The Americans is based on a group of real-life 'Illegals'.
The Americans is about a pair of KGB operatives in deep cover in the United States. The two agents speak perfect English and blend right in with their suburban surroundings, all the while gathering intelligence and running operations for the Soviet Union. The show was inspired by the real life arrest of several "illegals," as they are also called in the show, most of them married couples, in 2010. The most famous of the illegals caught in "Operation Ghost Stories" was Anna Chapman, who is now a TV host and model in Russia, following a US spy trade. The show's creators chose to set The Americans during the Cold War, as it's a period in history where the rivalry between the US and Russia was more pronounced than it seemed in 2010.
The Americans was created by a real-life intelligence agent.
The "realness" of The Americans doesn't end there. Part of the show's nuanced credibility, which elevates it above more traditional and familiar spy fare, comes from the fact that it was created by a real life ex-CIA operative. A fan of spy novels himself, series creator Joe Weisberg worked for the CIA for three and a half years. He toyed with the idea of setting The Americans in the seventies, because he loves the clothes, but the presidency of Ronald Reagan served the story better, as Cold War tensions often simmered beyond a boil more often than under President Carter.
Keri Russell and Noah Emmerich almost passed on the show.
Given the massive amount of love for the show from critics, fans, and award shows, it's crazy to imagine that two of the main stars of The Americans almost passed on it. Keri Russell, previously best known as the curly locked star of TV's soapy Felicity, has said she was ultimately convinced by the number of layers to the story and characters. Noah Emmerich, brother of movie producer Toby Emmerich, was apprehensive about carrying a gun and a badge in another role. He was convinced otherwise by Warrior director Gavin O'Conner, who directed The Americans pilot.
The CIA Reads each of Weisberg's scripts.
Given his history with the organization, the CIA insists on vetting each of Weisberg's scripts at least a month before shooting begins. In a 2013 interview, Weisberg told Slate that the Publications Review Board had yet to ask him to change anything.
What the show gets right and wrong.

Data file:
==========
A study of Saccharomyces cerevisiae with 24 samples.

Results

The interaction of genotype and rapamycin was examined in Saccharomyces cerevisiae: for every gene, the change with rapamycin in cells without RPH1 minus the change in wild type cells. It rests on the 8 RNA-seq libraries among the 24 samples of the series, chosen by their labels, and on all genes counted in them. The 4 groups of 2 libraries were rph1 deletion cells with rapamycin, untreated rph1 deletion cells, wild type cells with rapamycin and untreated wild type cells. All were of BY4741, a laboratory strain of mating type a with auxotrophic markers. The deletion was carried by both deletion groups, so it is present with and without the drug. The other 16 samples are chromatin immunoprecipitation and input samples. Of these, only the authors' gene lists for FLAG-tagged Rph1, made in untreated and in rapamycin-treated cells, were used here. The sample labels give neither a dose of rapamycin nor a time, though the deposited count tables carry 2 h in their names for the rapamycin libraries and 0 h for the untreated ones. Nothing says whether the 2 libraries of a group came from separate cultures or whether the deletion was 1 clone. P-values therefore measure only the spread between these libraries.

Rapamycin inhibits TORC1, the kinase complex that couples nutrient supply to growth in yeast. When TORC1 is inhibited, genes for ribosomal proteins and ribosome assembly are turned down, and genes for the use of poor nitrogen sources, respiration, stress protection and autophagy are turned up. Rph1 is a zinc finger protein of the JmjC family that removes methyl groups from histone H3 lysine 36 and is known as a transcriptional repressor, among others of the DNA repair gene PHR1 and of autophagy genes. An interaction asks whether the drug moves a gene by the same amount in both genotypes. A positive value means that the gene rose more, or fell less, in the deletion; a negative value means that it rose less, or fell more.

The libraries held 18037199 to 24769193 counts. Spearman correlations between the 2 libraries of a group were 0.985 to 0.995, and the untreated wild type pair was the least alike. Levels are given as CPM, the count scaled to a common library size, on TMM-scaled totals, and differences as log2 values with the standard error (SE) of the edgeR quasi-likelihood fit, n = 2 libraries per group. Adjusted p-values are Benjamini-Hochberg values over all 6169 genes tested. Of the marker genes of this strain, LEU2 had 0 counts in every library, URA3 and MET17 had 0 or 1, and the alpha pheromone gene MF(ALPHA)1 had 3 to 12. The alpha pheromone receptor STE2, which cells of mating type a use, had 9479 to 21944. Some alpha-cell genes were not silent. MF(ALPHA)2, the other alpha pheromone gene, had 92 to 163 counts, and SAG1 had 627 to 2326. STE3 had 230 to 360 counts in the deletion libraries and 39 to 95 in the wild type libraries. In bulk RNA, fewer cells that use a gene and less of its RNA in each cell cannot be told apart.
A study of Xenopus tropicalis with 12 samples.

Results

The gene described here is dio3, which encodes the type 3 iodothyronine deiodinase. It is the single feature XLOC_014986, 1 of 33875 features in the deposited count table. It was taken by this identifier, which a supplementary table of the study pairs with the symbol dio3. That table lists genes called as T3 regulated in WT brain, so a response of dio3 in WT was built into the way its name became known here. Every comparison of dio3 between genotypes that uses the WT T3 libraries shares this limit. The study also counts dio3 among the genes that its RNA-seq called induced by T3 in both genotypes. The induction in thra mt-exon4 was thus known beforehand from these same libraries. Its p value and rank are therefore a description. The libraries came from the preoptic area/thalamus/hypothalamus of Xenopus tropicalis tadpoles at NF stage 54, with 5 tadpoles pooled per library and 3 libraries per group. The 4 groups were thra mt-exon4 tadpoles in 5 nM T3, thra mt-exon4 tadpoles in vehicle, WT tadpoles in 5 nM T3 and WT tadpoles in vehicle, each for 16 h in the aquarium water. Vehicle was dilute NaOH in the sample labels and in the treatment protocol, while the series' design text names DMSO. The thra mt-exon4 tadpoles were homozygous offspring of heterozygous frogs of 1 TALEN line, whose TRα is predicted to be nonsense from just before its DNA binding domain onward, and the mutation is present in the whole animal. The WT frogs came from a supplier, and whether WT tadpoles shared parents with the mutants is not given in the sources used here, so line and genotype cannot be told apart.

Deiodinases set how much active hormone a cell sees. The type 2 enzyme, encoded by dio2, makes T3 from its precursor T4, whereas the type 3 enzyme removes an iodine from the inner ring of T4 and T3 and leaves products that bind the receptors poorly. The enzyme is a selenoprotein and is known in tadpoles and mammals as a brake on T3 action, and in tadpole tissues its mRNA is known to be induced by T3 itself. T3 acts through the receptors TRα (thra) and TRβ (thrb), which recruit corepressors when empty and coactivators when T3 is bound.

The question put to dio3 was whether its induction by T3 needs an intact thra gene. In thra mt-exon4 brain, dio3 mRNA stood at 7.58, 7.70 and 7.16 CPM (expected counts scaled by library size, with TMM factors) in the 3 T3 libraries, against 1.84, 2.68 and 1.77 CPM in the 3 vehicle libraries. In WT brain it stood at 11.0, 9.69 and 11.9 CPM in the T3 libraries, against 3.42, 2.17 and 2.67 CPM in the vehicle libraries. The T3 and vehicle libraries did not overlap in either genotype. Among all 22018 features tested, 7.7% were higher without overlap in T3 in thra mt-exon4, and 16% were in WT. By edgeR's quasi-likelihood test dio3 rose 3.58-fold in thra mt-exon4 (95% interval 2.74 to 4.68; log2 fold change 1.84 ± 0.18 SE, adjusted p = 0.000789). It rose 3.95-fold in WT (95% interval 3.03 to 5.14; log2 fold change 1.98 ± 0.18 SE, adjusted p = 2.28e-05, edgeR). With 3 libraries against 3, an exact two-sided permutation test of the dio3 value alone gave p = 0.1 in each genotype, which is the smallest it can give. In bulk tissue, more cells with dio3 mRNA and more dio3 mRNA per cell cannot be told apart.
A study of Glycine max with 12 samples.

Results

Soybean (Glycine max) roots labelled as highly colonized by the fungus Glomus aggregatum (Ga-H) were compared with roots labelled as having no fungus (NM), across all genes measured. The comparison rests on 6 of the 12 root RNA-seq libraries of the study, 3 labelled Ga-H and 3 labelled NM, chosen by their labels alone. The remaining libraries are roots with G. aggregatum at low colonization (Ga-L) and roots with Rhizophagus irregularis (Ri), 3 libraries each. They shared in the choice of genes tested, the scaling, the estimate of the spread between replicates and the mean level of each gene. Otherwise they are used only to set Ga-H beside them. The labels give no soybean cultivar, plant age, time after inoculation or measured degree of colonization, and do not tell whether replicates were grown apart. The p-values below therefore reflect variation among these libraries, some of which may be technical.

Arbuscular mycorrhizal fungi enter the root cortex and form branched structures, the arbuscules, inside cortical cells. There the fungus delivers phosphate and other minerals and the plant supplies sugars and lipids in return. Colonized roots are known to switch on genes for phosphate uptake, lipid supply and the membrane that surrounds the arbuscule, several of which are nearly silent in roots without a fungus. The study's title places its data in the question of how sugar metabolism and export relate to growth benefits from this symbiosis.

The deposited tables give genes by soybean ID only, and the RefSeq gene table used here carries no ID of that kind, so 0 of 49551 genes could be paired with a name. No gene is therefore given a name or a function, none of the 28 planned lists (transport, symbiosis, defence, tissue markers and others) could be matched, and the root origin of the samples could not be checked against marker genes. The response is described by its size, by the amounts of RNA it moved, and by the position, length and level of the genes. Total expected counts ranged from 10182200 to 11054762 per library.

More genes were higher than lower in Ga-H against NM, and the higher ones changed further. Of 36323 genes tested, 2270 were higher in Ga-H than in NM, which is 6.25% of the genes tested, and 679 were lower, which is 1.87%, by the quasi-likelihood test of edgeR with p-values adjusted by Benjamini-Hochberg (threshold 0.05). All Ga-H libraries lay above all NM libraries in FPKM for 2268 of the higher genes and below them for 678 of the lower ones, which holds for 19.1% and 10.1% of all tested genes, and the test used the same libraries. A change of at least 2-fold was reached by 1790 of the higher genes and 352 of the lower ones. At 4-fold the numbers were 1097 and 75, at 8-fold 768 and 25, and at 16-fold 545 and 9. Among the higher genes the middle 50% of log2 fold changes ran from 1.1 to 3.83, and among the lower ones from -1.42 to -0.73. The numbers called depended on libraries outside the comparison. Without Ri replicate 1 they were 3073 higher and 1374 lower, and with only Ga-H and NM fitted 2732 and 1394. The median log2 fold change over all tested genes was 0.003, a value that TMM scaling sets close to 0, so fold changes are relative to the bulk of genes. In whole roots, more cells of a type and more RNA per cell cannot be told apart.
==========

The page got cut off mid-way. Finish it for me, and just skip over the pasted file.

The CIA even approved a demonstration of real-life surveillance techniques Weisberg gave to his cast and crew. The Washington Post interviewed former CIA officers about what the show gets right and wrong. The show's action is heightened for dramatic purposes - certainly any sleeper agents who were involved in violent altercations would be whisked home immediately. They say the spy game is mostly a bore. The real life sleeper agents caught in America would mostly observe and report. One of the ex field agents interviewed, who began her career as a disguises officer, praised the "nuggets of authenticity that you don't see in other shows. Everything from gadgets to surveillance is done with great care and authenticity, and you can feel that it's not over the top, it's really core to the characters."
The show's stars have directed standout episodes.
Continuing a long TV tradition that has included Breaking Bad, Grey's Anatomy, Friends, House, The X-Files, Frasier, and even Beverly Hills 90210, cast members on The Americans have occasionally stepped behind the camera. The men who play Stan and Phillip on the show have both directed important episodes, including Season 3's Clark's Place which was directed by Noah Emmerich and Season 5's The Committee on Human Rights, which was directed by Matthew REECE Rhys.
David Bowie gave the show his blessing.
In Clark's Place, one of the episodes directed by Emmerich, Queen and David Bowie's "Under Pressure" worked much better in the director's cut than the original choice for music, "If I Had You" by Dire Straits. As they worked to clear the song, the show's music supervisor reminded producers that Bowie had actually been in touch a year before, saying he loved the show and they could use one of his songs anytime.
Oliver North gave so much info, he got a story credit.
Eighties savvy audiences will of course remember Oliver North for his role in the Iran/Contra scandal that plagued the Reagan administration. In one of the standout arcs on The Americans, Phillip and Elizabeth work on an operation involving the US military's support for right-wing rebels in Nicaragua. Oliver North served as a consultant on those stories and gave the show's producers so much detail, they gave the former Marine Corps lieutenant colonel turned pundit a partial story credit.
New York City usually doubles for Washington D.C.
Washington, D.C. is practically a character in The Americans, but generally what audiences are seeing onscreen is actually Uptown Manhattan. The Americans has also used Queens as West Germany. Speaking of New York, the 2015 memoir How to Catch a Russian Spy: The True Story of an American Civilian Turned Double Agent takes place there. The young American at the center of the story often used things he'd learned watching Miami Vice, Magnum P.I., and Goodfellas to fool his Russian handlers. 500 Days of Summer director Marc Webb purchased the movie rights.
Matthew Rhys and Keri Russell became a real-life couple.
In the show, Philip and Elizabeth are put together in Russia in a marriage that's nothing more than a cover. As the show progresses their feelings for each other become real. Eventually, they are even married, under their real names, in a secret ceremony, by a Russian priest. Russell and Rhys have been a real life couple now since 2013, the same year the show first premiered on FX. They have a son together.